One mother's struggle -- and the sad inevitable

January 15, 2007|Yolanda Reid Chassiakos | Special to The Times

Stacy, my daughter, is 15. Or 6 months, depending on the evaluation.

She cannot walk or talk but, like other babies, revels in rolling over, sitting up, reaching for shiny, noisy toys and giggling with the music and colors on TV. Stacy's body is strong and healthy, but her brain never recovered from the undiagnosed blood clot that destroyed a large part of my placenta during pregnancy and cut off critical oxygen and nutrition to the developing neural cells.

Only 3 pounds, 13 ounces, when she was born, Stacy was soon diagnosed with developmental delay, dashing our hopes that she would someday catch up with her peers. Like Ashley, the young girl at the center of controversy for her parents' decision to medically suppress her physical growth, Stacy was not expected to mature neurologically or mentally beyond infancy. She too would probably become a "pillow angel," the gentle term coined by Ashley's parents for a child whose limited mobility restricted her to a cozy cushion.

My husband and I, though devastated by Stacy's condition, devoted ourselves to making her life as comfortable and full as possible. By the time she was 4, we had been blessed with two "normal" sons and faced the challenge of raising our blended family -- soccer games and preschool for the boys, physical therapy and special-education services for Stacy.

Home life was actively inclusive; Stacy, not yet able to sit up, had her eyes glued to the cartoons her brothers watched by her side. Weekend outings and summer vacations saw our entire family piled into our minivan, with Stacy's umbrella-stroller wheelchair folded up and ready for her in the hatch. Visits to yiayia and pappou, the kids' grandma and grandpa in Greece, were facilitated by helpful airlines and not-always-as-helpful airport personnel.

My husband and I were determined that Stacy would share fully in our family life. Stacy's puberty came later than expected. Small from birth, she spurted only to a height of 4 feet 10 and a relatively light 65 pounds by the time she was 14. Feeding was now easier -- Stacy had, thanks to the efforts of her occupational therapists, learned to drink from a cup I held and eat soft foods from a spoon I placed in her tongue.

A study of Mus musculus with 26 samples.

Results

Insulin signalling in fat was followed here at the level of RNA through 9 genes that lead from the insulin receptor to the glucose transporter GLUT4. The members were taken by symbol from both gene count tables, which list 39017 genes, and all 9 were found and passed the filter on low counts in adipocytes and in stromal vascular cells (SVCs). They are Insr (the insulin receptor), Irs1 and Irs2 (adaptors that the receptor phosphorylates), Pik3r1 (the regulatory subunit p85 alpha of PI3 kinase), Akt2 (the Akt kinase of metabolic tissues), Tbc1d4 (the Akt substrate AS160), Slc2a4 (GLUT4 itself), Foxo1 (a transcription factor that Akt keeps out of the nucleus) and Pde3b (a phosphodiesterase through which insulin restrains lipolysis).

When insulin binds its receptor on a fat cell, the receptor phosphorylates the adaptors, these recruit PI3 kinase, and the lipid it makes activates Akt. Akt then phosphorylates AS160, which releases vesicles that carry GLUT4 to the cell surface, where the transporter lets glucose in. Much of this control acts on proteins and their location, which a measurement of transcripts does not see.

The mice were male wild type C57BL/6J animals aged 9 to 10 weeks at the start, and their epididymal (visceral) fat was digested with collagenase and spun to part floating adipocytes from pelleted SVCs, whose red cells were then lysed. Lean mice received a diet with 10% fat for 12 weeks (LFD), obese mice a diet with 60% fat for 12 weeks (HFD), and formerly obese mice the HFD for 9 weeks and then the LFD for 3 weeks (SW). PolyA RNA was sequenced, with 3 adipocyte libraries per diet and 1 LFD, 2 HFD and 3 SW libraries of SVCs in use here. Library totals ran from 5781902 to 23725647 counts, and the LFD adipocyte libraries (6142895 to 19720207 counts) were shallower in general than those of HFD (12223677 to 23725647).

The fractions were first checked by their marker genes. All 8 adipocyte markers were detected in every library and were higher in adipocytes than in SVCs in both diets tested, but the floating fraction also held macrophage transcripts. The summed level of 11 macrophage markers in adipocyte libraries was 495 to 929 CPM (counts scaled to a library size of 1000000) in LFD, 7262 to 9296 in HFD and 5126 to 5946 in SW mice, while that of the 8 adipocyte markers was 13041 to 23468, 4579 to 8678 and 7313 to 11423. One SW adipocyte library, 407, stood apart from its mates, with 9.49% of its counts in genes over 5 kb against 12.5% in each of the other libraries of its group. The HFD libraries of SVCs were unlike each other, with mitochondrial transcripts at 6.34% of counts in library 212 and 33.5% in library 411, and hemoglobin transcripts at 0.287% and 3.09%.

And her personality evolved from an infant crying to that of a smiling, happy baby girl who -- hooray! -- slept through the night after she reached age 7. Stacy's smiles and giggles when she heard my voice were as heartwarming as the "I love you's" I had dreamed of hearing before she was born. Over the years, Stacy taught all of us the true meaning of unconditional love.

Unfortunately, the passing of the years also has brought some unexpected challenges. As my husband and I unwillingly lose the strength and energy of youth, physically caring for Stacy has become a more difficult mission. Whereas lifting our daughter into her car seat for a Sunday excursion was once a routine task, hoisting her now more-mature body for even just a few steps is injurious to my 5-foot-3 frame. Simple chores such as bathing, changing diapers or even transferring Stacy from bed to wheelchair are parceled carefully between me and my husband, depending on whose neck and back are less strained on a particular day.

The end result: for Stacy, significantly less mobility and adventure, and more time spent sitting farther from us in her playroom; for us, fewer outside activities for the boys, and musculoskeletal injury and chronic pain for Mom and Dad.

Unlike Ashley's parents, I did not choose to ask Stacy's pediatrician for hormone treatments that would prevent periods, much less treatments to slow or stop her growth. I had struggled with the ethical questions that had been only theoretical for me before Stacy was born: As a mother of a child with severe disabilities, could I in good conscience ask that my daughter be medically sterilized without her consent? The only answer I could give to myself was "no."

The story of Ashley and her family has led me to reconsider the ethical foundation of my decision.

Ashley's parents have chosen to remove her reproductive organs and suppress her growth and physical maturation with hormone therapy in the hopes of allowing Ashley to maintain the flexibility and relative mobility of her childhood lifestyle with her loving family. Their decision may mean that Ashley and her parents will not have to face the prospect that looms for us -- that sooner, rather than later, there may come a time when we will no longer be able to physically care for Stacy. When our vigor fades, we sadly will need to consider placement for her in a care facility or host home.